After weeks of imperialist threats and opposition violence, the elections for Venezuela's National Constituent Assembly (ANC) took place on July 30. The result was a huge turnout of more than 8 million voters, around 41% of the electorate, which gave Chavismo a much-needed shot in the arm.
One hundred years ago in the aftermath of defeat of the July 16-20 [3-7 in New Style] protest movement by workers and soldiers, the Bolsheviks responded to the “July Days” setback by calling on the people to ignore provocations and expose rightist slander.
The wave of protests was repelled by military and police attacks, with hundreds of casualties, on the orders of the Provisional Government — the capitalist government that came to power after the February Revolution overthrew the Tsar and which was supported by the moderate socialists.
It was a key phase in the storm that swept Russia during 1917. This storm culminated in the October Revolution when, led by the Bolsheviks, the soviets (councils) of workers, soldiers and peasants took power, overthrowing the Provisional Government.
One hundred years ago, between July 16-20 [3-7 in New Style] 1917, a protest movement of workers and soldiers in Petrograd was repelled by military and police attacks, with hundreds of casualties.
It was a key phase in the storm that swept Russia during 1917. It culminated in the October Revolution when, led by the Bolsheviks, the soviets (councils) of workers, soldiers and peasants took power, overthrowing the capitalist Provisional Government that was formed after the February Revolution deposed the Tsar.
Venezuelans are set to vote for a National Constituent Assembly (ANC) on July 30. Proposed by the government as a way to find a peaceful and democratic solution to months of political turmoil in the country, the ANC has been rejected by the opposition, who have pledged to stop the vote going ahead.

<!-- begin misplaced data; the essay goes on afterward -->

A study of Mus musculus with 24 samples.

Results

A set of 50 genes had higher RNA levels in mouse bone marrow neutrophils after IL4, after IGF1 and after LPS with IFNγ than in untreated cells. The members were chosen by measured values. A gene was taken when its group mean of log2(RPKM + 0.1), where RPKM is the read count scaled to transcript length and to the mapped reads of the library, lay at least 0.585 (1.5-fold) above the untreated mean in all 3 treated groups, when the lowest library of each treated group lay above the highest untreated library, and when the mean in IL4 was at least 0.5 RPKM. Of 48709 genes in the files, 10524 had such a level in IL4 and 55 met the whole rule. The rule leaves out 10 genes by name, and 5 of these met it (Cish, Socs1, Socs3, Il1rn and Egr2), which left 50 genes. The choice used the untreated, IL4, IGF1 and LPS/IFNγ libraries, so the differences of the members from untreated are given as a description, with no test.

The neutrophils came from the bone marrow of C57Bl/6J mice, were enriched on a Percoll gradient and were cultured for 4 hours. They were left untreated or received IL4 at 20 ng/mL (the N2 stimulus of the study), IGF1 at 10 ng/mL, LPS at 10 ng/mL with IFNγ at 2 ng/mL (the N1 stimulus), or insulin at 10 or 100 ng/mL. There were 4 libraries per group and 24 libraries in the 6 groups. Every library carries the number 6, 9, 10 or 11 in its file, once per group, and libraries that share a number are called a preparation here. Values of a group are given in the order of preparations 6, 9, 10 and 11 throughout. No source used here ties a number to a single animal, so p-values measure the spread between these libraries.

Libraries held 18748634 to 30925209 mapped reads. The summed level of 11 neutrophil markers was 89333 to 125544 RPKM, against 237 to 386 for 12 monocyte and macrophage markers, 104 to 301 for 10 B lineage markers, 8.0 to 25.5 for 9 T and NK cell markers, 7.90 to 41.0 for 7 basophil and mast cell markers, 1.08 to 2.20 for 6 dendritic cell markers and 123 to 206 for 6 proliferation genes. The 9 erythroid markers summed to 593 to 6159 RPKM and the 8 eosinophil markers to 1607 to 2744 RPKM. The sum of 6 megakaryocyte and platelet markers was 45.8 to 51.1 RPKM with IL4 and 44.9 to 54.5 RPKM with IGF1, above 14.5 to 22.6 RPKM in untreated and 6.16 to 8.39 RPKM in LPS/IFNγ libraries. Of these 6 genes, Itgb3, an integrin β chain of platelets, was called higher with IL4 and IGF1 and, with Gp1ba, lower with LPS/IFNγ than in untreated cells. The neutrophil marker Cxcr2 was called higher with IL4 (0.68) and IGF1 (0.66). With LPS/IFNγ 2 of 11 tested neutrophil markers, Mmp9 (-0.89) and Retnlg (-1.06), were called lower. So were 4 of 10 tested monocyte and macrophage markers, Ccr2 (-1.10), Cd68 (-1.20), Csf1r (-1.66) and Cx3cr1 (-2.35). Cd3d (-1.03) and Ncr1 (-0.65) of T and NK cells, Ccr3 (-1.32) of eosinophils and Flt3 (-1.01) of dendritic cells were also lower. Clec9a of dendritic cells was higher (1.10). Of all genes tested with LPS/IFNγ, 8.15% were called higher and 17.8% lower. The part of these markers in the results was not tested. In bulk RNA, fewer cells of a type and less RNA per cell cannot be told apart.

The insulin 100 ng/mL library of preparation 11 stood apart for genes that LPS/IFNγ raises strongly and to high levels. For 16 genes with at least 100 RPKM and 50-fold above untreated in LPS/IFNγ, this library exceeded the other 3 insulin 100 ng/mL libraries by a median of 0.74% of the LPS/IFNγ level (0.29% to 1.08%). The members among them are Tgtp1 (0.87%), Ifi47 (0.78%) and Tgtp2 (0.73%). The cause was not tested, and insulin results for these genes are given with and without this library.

The opposition is instead calling for the resignation of President Nicolas Maduro and the formation of a transition government under its control. They took the first steps in this direction on July 19, releasing plans for a new “unity government”.
Infamous right-wing ideologue Andrew Bolt penned a "column of shame" about Venezuela in the Murdoch media on July 13. The column is a clear example of what might be dubbed "Bolt's Law": anything he writes is the opposite of the truth unless proved otherwise.
The article below is based on a talk by Felipe Stuart Courneyeur to the Canada-wide convention of the Canadian Network on Cuba, in Toronto in June.
Courneyeur has dual Nicaraguan-Canadian nationality; he divides his time between the two countries. He is an active member of the Sandinista National Liberation Front (FSLN). The article is abridged from johnriddell.wordpress.com.
The Cuban Revolution has created international ripples ever since its military victory on January 1, 1959. The United States was quick to recognise the threats to its dominance in Latin America and set out to crush the rebel regime.
In response, the revolution’s leaders took the process rapidly leftwards, socialising property and seeking to help revolutionaries in other countries. The moral and political weight of Cuba’s revolutionaries remains far out of proportion to their economic and military strength.
Cuban moral authority within the Third World of super-exploited countries is absolute. However, the Cuban Revolution has proven a litmus test for the intellectual and moral fibre of socialist currents in the advanced capitalist countries — a test that some have failed.
Venezuelan President Nicolas Maduro has responded to the latest threats to Venezuela's sovereignty from US President Donald Trump, in which the US leader promised "swift and strong actions" if Venezuela decides to proceed with the July 30 elections for a National Constituent Assembly.
Maduro called Trump's threats "vulgar", TeleSUR English reported. He said: "The process of the constituent assembly is already in the hands of the people who will exercise their right to vote. This is my response, the constituent assembly does not belong to me.
It was in the autumn of 2014, only months after Islamic State (ISIS) achieved huge territorial gains inside Syria and Iraq, committing genocidal and femicidal massacres, that a revolutionary silver lining arose from the little-known town of Kobane in Syria’s north.
Having overrun Mosul, Tel Afar and Sinjar in Iraq, as well as a vast expanse of territory inside Syria, ISIS prepared to launch an attack on the north of Syria, known by Kurds as Rojava.
What ISIS did not anticipate in Kobane was that it would encounter an enemy of a different kind – an organised, political community that was ready to defend itself courageously by all means necessary, and with a worldview that turns ISIS’s death ideology on its head.